The pandemic threw all our neat organization designs up in the air. Now, at the beginning of 2023, leaders are trying to figure out the new structures to get work done. Leaders are experimenting with remote, office, hybrid, agile, matrix and other new schemes. Whatever the new form, we can never return to the good old days—the culture and organizational structures we had before 2020. A new day has arrived.
And there is turmoil in the workplace. The so-called “great resignation” saw many workers leaving their jobs, some going to other more lucrative or satisfying jobs, many completely dropping out of the workforce.
As a result of these forces and other factors, a new cohort has been thrown into leadership or management roles. Many of these new entrants have little or no training or experience in leadership or management.
So, while new entrants lack training and development, other, more experienced leaders find themselves managing new structures, employees with new attitudes toward work, and technologies advancing at warp speed.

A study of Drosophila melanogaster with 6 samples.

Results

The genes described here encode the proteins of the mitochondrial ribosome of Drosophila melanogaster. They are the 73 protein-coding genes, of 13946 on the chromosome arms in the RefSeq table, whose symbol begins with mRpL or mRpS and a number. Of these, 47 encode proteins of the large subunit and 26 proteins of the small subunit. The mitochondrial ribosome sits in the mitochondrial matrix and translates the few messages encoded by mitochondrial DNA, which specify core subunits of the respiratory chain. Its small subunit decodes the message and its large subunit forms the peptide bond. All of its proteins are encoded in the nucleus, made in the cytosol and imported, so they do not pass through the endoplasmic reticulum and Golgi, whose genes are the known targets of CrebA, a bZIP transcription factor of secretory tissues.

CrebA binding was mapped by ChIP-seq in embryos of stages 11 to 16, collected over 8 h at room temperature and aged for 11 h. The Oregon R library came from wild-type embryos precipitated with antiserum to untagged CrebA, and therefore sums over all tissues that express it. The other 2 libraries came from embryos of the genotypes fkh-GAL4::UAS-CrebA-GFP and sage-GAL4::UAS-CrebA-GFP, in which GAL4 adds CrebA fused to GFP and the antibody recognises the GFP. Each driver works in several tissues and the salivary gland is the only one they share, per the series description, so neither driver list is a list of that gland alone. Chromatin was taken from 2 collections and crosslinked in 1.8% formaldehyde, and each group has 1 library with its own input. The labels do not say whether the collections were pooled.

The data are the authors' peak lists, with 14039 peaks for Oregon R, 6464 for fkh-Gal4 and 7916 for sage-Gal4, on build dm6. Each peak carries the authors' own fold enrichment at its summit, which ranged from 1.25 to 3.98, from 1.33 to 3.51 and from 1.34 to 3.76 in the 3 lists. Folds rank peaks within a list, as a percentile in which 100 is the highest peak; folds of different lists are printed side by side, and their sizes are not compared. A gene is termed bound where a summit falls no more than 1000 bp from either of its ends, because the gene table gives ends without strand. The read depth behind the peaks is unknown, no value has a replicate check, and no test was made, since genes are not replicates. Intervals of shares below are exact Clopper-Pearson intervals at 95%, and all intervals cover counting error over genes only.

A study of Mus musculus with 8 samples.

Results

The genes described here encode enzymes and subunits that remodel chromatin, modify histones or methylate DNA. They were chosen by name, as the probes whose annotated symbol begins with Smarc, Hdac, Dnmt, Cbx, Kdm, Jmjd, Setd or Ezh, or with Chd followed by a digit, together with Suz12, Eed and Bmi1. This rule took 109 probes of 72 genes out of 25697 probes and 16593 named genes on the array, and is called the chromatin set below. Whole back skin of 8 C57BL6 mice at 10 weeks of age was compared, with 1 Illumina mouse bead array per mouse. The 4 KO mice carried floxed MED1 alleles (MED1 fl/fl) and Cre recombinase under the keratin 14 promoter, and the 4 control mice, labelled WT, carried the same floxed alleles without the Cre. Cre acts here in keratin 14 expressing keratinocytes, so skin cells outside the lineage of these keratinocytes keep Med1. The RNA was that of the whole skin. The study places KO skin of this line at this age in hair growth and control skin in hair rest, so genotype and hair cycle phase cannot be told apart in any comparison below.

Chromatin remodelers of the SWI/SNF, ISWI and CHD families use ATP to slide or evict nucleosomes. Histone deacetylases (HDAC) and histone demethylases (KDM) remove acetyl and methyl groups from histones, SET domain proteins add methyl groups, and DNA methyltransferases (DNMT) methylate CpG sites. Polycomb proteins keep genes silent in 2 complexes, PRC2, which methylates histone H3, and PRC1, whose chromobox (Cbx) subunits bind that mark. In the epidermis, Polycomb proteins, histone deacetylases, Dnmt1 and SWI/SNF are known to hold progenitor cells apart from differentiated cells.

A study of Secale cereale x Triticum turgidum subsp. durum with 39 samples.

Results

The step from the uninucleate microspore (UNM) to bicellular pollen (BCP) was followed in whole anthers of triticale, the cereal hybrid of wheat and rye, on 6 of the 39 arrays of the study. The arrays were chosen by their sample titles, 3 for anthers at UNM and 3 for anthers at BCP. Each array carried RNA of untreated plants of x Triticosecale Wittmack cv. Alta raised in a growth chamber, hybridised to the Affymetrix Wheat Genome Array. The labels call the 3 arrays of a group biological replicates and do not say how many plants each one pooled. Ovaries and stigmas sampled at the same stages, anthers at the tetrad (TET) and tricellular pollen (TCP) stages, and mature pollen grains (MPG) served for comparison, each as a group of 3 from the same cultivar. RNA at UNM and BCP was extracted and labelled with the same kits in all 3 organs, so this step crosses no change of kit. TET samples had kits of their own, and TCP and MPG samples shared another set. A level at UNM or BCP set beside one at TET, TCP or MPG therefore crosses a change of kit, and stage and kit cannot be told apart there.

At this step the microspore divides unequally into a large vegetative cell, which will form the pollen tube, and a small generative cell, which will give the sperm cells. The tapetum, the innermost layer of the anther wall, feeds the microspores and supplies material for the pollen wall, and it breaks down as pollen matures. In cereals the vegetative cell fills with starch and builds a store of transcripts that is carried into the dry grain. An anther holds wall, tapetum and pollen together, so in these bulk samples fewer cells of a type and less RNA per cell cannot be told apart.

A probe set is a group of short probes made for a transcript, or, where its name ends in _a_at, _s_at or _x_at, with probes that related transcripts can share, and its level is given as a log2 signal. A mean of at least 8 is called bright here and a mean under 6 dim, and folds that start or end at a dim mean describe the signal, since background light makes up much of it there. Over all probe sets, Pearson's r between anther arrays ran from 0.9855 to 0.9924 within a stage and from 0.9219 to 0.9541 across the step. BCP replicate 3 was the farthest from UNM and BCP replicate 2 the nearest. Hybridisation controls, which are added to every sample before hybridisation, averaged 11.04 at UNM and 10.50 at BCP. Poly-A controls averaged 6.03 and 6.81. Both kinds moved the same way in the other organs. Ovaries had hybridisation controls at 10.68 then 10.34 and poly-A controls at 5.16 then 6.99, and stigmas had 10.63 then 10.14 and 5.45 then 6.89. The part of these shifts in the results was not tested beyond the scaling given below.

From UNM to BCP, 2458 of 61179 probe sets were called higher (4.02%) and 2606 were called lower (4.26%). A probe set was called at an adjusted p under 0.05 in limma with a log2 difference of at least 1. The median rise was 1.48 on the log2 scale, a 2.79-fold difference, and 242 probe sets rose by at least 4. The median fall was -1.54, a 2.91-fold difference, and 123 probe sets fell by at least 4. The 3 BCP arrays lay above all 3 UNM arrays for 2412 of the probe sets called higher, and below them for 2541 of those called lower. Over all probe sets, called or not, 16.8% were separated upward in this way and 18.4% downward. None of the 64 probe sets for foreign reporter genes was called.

What does this mean for training and development?
We need a fresh look at the way we train leaders.
For the new (often young) new managers, we need to develop basic leadership skills, and do it rapidly. That means an accelerated, skill-based leadership program that gives them what they need to effectively lead and manage their team and help them avoid hurtful or costly mistakes, especially in dealing with the people on their team. Practice and feedback should be important components of the program. After this fast-paced program, the new entrants will need an active coach to continue the skill-building process.
The already experienced leaders will need to reset and rethink their approaches and skills to adopt the techniques required in the new environment. This will require new mindsets and an openness to learn new techniques and methods. Existing leaders may have fallen behind in applying technology, performance management, feedback, and employee development.
All leaders will need to understand the basics of human psychology. That has not changed. But applying good human relations principles to new challenges means leaders must adapt those principles to new team-based, agile organizations that are adapting to rapidly changing economic and market environments.
Get on board. The train is already in motion.